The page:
Published 23 September 2019. Written by Chris Worfolk.

Woman running with headphones

Do you ever start running and think to yourself “I’m a minute in and I already feel terrible: this isn’t going to be my day!” If so, you are not alone. I feel like this every Saturday morning. The good news is that it does not necessarily mean you are going to have a bad run. In the article, I will explain why.

Feeling terrible

Every Saturday morning, I get up and set off running to my local park for parkrun. I usually get about two hundred metres from my house before I start thinking about how tried I feel already. I check my watch, and I am only running six minutes a kilometre; way below my 5km pace. I start to think I am going to have a bad day.

Experience has taught me to be cautious of these feelings, though. I can feel this way at the start of a run and yet by the time I get the park, I feel better and manage to run a fast 5km. Or, just occasionally, I keep feeling crap.

But what can we do about it when we feel this way?

Are we still warming up?

The first thing to consider is whether you are simply in your warm-up phase. When you first start running, especially in the morning, you will still be feeling lethargic when you begin. Your body needs time to get the blood pumping and ready for action.

Therefore, we can use cognitive reappraisal. We interpret the signals from our body as “I feel sluggish because my condition is poor today and I am going to have a bad run”, but we could equally interpret those feeling as “I feel sluggish because I am in the warm-up phase of my run and will feel better once I have completed my warm-up”.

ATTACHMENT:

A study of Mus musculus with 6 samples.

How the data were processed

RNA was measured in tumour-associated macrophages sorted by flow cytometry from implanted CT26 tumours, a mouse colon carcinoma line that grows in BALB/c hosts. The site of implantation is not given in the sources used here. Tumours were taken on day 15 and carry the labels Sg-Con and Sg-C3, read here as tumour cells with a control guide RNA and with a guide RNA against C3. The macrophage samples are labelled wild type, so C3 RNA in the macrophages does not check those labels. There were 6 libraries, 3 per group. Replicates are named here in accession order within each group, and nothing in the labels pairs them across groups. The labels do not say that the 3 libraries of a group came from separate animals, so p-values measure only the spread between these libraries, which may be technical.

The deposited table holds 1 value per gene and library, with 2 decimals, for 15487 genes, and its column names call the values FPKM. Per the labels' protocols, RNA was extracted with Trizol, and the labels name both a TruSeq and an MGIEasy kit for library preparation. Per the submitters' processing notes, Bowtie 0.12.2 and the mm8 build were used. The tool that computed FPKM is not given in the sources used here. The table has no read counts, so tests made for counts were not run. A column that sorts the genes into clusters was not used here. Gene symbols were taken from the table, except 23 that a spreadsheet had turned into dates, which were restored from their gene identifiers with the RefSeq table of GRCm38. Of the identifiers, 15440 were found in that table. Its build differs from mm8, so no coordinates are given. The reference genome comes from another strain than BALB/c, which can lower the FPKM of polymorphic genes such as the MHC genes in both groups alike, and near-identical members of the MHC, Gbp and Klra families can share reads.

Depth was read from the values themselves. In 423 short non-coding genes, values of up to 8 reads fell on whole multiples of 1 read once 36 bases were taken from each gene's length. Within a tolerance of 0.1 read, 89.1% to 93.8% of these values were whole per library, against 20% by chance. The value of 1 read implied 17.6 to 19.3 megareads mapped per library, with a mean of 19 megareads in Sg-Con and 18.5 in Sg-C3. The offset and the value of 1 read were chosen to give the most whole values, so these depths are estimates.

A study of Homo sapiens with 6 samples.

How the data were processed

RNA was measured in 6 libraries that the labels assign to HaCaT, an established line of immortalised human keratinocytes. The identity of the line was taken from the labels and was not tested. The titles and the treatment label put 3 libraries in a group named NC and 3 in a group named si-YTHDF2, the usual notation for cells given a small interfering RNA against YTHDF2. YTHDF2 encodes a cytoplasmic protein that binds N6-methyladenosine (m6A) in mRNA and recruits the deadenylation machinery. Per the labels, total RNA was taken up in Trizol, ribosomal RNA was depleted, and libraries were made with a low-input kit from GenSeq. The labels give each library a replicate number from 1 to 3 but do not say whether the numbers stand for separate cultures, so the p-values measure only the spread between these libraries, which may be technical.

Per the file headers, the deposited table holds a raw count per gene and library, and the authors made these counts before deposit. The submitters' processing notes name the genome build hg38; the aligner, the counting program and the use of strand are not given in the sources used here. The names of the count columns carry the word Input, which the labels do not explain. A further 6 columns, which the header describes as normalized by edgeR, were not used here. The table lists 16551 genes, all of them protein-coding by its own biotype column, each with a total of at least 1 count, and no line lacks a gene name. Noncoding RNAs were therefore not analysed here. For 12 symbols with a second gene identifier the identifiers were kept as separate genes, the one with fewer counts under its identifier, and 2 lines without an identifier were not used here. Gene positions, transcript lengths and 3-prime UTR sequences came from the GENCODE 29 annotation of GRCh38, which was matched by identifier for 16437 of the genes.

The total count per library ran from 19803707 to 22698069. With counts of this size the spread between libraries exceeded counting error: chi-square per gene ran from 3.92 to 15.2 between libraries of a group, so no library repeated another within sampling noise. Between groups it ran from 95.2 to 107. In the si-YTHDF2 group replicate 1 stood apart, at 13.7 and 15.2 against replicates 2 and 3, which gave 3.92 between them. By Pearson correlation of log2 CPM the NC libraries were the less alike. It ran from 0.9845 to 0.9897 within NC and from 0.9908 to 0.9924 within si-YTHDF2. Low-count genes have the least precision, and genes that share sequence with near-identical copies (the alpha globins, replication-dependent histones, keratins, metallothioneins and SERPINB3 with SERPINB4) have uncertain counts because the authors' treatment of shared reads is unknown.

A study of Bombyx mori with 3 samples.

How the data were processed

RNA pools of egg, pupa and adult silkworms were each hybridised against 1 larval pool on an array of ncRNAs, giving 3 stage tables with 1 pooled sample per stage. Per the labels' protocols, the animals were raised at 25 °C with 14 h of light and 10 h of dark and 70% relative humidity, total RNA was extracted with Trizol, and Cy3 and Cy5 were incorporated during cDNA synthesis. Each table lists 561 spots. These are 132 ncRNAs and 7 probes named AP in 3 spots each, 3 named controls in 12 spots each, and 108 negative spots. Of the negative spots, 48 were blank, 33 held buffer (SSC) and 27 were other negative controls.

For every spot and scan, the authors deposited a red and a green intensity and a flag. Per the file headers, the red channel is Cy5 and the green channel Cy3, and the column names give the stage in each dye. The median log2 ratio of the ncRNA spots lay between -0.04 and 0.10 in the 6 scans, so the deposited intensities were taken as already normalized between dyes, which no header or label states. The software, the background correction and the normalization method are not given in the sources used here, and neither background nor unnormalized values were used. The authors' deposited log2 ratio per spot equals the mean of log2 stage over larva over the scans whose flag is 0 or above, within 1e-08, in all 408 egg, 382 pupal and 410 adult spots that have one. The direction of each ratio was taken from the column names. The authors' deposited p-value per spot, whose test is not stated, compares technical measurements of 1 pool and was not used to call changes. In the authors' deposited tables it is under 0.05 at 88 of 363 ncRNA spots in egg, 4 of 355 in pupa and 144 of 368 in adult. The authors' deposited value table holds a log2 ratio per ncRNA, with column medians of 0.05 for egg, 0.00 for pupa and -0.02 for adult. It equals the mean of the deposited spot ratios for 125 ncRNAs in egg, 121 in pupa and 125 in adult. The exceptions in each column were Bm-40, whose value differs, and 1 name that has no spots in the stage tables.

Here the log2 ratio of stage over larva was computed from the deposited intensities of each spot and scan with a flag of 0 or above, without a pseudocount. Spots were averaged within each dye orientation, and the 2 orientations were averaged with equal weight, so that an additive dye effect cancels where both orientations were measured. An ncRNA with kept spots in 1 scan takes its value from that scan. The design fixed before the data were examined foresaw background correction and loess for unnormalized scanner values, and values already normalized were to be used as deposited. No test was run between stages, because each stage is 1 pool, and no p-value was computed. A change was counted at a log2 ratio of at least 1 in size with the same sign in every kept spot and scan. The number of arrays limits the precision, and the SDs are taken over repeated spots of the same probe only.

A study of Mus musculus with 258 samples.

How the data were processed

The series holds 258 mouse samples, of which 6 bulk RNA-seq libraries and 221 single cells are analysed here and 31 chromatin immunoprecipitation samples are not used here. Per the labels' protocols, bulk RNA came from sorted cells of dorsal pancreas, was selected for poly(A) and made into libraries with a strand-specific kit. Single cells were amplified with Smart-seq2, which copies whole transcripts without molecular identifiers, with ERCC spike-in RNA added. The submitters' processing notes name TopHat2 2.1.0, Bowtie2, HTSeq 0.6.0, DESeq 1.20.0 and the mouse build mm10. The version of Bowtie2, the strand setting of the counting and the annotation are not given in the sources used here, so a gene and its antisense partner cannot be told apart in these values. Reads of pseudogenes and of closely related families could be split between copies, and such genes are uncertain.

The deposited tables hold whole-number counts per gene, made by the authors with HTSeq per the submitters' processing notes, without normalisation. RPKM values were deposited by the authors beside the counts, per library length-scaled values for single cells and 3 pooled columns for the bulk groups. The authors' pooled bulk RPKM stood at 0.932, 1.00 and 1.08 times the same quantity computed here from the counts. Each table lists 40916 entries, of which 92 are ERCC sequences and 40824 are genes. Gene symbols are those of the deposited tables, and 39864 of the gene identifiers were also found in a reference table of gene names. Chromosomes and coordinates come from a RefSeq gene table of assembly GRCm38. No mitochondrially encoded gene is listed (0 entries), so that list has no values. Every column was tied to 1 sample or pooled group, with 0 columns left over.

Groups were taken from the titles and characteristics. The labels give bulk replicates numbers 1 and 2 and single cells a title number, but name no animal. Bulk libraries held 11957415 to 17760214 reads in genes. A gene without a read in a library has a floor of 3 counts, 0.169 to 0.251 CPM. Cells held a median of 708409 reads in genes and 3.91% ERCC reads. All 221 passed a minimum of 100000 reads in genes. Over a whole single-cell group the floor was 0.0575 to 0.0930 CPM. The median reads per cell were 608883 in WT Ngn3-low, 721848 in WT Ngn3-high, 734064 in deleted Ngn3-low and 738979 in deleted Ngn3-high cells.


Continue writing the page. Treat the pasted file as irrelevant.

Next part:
We could also apply some mindfulness here. When we break the initial thought down, we find we are jumping to conclusions: “I am feeling sluggish therefore my condition is poor therefore I am going to have a bad run”. Instead, we could simply notice we are feeling sluggish, label those feelings and decide not to follow through to conclusions that may or may not be the case.

If the feelings persist

If you are still feeling crap after your warm-up (the first 15 minutes), then maybe you are just having a tough day. In this case, it may be time to switch up your plans.

Not all of your runs can be fast runs. Most of your training wants to be base miles and working on aerobic endurance rather than top-end speed. So, maybe it is time to decide that this will be an easy run for getting the miles in without doing yourself any damage.

Or maybe you repurpose this as a simulation training run. It is challenging to simulate those last 10km in a marathon or ultra without going out and running for hours. But, if you are feeling tired early on in a run, this is an excellent chance to simulate the fatigue at the end of a long run and develop your ability to push through the discomfort and keep running.


Feeling crap at the start of a run is common. We are typically lethargic when we start exercising, and we can use cognitive reappraisal to challenge those feelings that it is going to be a bad day. On the odd casino when we genuinely are having a bad day, we can choose to repurpose our run as easy miles or simulation training.